Tuesday, June 24, 2008

Govt's anti-TB programme in tatters


Sutapa Deb
Sunday, May 11, 2008 (Varanasi)
Health Minister Ramadoss' penchant for flirting with controversy is well known. But it often sidelines the really important issues that demand his attention.

In Varanasi in the last two months, 15 people have died of tuberculosis - a curable disease. It's a story of failure of the government's much hyped anti-TB programme and its health system.

The disease is curable if treated with medicines and nutritious food. But 14-year-old TB patient Iqbal, was not able to get proper care and food due to abject poverty. And this resulted in his death.

''We are only able to eat one meal in the evenings. This is the way we have to live,'' Iqbal's aunt says.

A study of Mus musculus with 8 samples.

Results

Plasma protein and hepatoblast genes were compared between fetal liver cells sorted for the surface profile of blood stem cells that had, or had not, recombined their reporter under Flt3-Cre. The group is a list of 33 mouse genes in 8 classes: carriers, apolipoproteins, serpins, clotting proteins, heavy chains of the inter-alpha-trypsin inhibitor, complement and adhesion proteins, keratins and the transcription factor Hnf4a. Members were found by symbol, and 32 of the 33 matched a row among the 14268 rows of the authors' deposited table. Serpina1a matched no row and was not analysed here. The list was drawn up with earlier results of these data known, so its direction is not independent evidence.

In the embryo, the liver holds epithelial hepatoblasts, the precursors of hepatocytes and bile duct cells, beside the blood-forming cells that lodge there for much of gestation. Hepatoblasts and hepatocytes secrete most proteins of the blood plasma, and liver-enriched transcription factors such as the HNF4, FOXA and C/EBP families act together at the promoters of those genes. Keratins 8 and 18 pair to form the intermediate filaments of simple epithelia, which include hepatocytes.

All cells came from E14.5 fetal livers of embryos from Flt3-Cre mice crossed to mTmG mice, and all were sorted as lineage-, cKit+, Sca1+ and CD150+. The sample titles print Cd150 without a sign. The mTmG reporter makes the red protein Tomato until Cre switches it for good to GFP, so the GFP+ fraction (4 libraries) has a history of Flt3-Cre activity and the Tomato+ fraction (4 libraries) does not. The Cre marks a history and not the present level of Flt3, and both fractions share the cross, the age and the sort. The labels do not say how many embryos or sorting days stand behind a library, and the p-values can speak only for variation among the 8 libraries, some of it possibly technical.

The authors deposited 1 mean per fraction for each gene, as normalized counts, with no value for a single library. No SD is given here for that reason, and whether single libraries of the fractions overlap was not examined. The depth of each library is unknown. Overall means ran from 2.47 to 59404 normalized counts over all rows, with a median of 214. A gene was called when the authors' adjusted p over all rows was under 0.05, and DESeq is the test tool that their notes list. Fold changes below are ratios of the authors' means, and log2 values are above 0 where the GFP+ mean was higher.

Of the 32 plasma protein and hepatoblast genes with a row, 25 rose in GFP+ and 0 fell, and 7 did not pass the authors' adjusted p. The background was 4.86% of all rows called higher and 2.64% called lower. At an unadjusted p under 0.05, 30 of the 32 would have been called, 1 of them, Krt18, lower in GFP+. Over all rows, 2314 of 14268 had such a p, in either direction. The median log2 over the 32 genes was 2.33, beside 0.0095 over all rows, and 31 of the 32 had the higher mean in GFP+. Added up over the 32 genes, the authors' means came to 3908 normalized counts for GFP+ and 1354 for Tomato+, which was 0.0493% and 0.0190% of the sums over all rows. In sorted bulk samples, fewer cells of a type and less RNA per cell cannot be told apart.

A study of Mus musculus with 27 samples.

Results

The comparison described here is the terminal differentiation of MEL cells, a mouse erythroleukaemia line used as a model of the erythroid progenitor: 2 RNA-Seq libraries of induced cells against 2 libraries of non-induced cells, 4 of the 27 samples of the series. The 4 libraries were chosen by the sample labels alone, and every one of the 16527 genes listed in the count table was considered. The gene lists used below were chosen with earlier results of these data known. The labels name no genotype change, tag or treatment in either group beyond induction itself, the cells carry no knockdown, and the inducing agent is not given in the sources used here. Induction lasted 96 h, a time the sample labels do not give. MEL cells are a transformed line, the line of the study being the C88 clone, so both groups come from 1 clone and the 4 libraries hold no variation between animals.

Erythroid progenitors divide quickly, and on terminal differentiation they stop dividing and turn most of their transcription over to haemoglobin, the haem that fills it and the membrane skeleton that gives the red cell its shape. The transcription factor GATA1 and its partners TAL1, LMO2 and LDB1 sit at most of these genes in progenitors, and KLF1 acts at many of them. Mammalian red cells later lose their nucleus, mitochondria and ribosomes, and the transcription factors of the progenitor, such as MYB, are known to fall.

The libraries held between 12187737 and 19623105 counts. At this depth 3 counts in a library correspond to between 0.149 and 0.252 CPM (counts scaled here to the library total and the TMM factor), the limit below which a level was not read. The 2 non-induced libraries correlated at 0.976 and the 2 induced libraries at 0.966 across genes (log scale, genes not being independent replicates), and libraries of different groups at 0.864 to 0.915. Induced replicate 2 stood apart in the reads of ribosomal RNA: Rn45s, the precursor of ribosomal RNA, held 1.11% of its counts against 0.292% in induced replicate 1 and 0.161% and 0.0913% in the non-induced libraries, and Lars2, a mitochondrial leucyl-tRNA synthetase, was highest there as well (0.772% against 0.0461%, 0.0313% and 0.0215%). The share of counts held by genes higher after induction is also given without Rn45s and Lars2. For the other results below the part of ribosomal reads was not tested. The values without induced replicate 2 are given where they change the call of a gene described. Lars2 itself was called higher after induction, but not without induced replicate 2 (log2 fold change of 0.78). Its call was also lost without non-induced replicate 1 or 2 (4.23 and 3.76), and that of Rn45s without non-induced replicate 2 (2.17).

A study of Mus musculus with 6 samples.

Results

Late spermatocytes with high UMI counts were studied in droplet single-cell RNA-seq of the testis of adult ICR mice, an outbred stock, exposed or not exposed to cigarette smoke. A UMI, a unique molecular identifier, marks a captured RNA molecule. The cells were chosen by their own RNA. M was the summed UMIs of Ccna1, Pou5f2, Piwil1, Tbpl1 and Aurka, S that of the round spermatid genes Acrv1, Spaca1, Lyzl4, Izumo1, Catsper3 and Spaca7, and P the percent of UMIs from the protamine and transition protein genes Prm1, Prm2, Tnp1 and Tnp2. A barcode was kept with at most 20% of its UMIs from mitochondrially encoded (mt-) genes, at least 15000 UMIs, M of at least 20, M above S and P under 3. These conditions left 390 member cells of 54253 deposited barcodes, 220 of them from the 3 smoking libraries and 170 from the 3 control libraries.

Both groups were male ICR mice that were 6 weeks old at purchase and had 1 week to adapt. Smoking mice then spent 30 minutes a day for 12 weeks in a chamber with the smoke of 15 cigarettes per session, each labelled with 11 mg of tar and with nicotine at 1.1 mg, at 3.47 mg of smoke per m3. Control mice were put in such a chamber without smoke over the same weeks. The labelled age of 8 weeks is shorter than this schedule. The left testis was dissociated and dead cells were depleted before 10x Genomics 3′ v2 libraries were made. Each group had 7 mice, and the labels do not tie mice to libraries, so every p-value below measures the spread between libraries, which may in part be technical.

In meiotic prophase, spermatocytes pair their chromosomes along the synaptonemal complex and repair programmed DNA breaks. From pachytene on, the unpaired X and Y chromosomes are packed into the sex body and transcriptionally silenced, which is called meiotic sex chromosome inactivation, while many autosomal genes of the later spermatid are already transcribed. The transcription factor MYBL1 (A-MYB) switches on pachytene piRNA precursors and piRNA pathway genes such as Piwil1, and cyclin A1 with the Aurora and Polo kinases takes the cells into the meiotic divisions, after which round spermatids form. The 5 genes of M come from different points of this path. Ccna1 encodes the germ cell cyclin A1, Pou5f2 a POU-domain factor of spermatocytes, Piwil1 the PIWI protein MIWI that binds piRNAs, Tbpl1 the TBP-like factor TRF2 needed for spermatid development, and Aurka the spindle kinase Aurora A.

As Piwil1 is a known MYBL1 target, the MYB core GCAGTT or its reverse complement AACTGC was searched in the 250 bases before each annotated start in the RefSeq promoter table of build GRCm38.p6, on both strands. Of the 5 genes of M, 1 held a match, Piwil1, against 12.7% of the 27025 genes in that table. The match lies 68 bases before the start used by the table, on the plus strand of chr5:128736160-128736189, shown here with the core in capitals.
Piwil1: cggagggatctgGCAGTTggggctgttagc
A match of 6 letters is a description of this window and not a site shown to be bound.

And ironically, the family is not officially classified as poor and is not entitled to government welfare schemes.

The decline in the weaving industry is linked to the sharp increase in the number of families who have fallen victim to TB. Fifteen people have died in the last two months.

Another TB patient Rahmat Ali is consumed from within, with a bloody cough, fever and wasting. His wife Asghari too has TB. Their 10-year-old son sits on the loom each day and earns Rs 150 a month.

Their main concern is where to get money for the treatment.

If left untreated, each person with active TB disease will infect between 10 and 15 people every year on an average.

Patients like Meera, who has been suffering from TB for three years, is worried about the dangerous strain of multi-drug resistant TB. And she is concerned about the non-availability of nutritious food.

The Centre's TB control programme is 11 years old. And it provides patients free anti-TB drugs. But weavers tell us that the treatment costs them money, since they have to pay for supportive medicines for pan, gastritis and bronchitis.

The government's failure to fill the gaps in the programme has led to drug defaulters. A number of lives are at risk from hunger and TB.

It appears that policymakers have no mechanism to address the crisis of livelihoods, malnutrition and rampant TB.